Portable toilets at Kelso Depot Visitor Center
The water system at Kelso is shut down due to problems with the storage tank. Portable toilets are available; bottled water is available for purchase. Campers note-you won't be able to fill water bottles at Kelso until the system is repaired.
Telephone at Kelso Depot is not working
Kelso Depot Visitor Center telephone, 760 252-6108, is not working. For information on weekdays, call 760 252-6100. On Saturday, try calling 760 252-6104.
Kelso Depot Visitor Center hours
Kelso Depot Visitor Center is open Fridays through Tuesdays from 9 am to 5 pm, closed Wednesdays and Thursdays. The Beanery Lunch Counter is closed.
A Railroad Through the Desert
Courtesy Union Pacific Archives
The San Pedro, Los Angeles & Salt Lake Railroad
Courtesy Theo Packard
A Railroad Town at Kelso
The first depot at Kelso opened in 1905, followed a few months later by a post office, an engine house and an “eating house” to serve both railroad employees and the passengers on trains without dining cars. The town grew over time, as more employees were needed and more of their families moved to the Mojave Desert to join them.
Courtesy Union Pacific Archives
The Kelso Depot & Clubhouse
Civil engineers working for the railroad in Los Angeles drew up the plans for the “Kelso Clubhouse & Restaurant,” in 1923. The building would include a conductor’s room, telegraph office, baggage room, dormitory rooms for staff, boarding rooms for railroad crewmen, a billiard room, library and locker room. Construction started in 1923 and the depot opened in 1924.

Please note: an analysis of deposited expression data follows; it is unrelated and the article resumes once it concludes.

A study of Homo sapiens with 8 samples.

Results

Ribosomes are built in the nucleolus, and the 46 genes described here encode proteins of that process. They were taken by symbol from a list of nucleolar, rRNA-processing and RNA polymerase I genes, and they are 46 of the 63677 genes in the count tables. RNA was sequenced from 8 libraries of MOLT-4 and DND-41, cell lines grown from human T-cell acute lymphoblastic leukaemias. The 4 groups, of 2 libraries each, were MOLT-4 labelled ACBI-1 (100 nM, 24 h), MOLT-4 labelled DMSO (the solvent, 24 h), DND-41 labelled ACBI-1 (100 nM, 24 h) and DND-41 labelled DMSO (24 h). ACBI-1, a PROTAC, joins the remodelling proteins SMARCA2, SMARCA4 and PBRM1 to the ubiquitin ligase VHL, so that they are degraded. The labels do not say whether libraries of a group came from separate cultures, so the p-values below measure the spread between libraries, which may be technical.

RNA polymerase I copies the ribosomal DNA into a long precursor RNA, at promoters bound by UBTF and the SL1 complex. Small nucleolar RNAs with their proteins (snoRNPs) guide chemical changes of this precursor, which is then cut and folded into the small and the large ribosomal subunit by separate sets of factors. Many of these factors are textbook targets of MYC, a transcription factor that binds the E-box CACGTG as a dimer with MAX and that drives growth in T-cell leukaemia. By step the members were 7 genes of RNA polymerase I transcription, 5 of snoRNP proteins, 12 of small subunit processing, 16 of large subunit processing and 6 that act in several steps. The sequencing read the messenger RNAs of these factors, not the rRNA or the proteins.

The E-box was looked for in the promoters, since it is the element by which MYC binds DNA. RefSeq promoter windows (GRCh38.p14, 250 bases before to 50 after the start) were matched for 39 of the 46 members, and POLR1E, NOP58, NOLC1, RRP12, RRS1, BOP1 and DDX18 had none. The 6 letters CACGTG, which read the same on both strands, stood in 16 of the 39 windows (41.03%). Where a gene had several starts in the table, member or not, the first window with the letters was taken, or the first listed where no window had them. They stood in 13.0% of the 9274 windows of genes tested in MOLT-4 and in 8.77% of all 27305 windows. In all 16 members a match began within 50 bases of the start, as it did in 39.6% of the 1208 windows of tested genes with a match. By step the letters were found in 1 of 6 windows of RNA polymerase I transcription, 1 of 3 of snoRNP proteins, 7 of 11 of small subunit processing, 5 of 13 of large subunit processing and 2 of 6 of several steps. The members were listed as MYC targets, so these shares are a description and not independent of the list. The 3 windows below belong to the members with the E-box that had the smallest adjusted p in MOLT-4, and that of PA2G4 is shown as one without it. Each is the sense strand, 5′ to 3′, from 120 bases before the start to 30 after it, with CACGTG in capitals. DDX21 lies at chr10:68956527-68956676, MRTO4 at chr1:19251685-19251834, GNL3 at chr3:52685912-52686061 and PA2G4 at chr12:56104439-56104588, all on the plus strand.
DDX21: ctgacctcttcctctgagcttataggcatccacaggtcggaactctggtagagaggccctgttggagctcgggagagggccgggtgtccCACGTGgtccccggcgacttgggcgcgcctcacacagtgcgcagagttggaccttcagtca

Originally, the restaurant and telegraph office each had three shifts, operating around the clock. This continued through the boom years of the 1940s, when Kaiser’s Vulcan mine caused Kelso’s population to grow to nearly 2,000. The closing of the mine coupled with diesel engines replacing steam resulted in the UP moving jobs and families out of Kelso. The depot function ended in 1962, although the restaurant and boarding rooms were still in use. The advancement of diesel technology led to fewer and fewer crew members needing to eat or stay overnight, so in 1985 the UP decided to close the Kelso Depot entirely.
Couresy Bureau of Land Management
Life After Closure
They organized into the Kelso Depot Fund and set about saving the building. While they were able to stop the demolition, the costs of restoration grew too expensive for the group and they turned to local politicians and the federal government for assistance. The Bureau of Land Management (BLM) already managed much of the land around Kelso as the East Mojave National Scenic Area, so it made sense for the BLM to gain ownership of the Depot. Members of Congress from the area went to work, and by 1992, the BLM had the title to the building.
With the passage of the California Desert Protection Act of 1994, the East Mojave National Scenic Area become Mojave National Preserve and the Depot passed into the hands of the National Park Service. Renovation of the Kelso Depot began in 2002. The building reopened to the public as the new visitor center for Mojave National Preserve in October, 2005.
Did You Know?
At 1.6 million acres, Mojave National Preserve is the third largest National Park Service area outside of Alaska. Death Valley National Park and Yellowstone National Park rank first and second.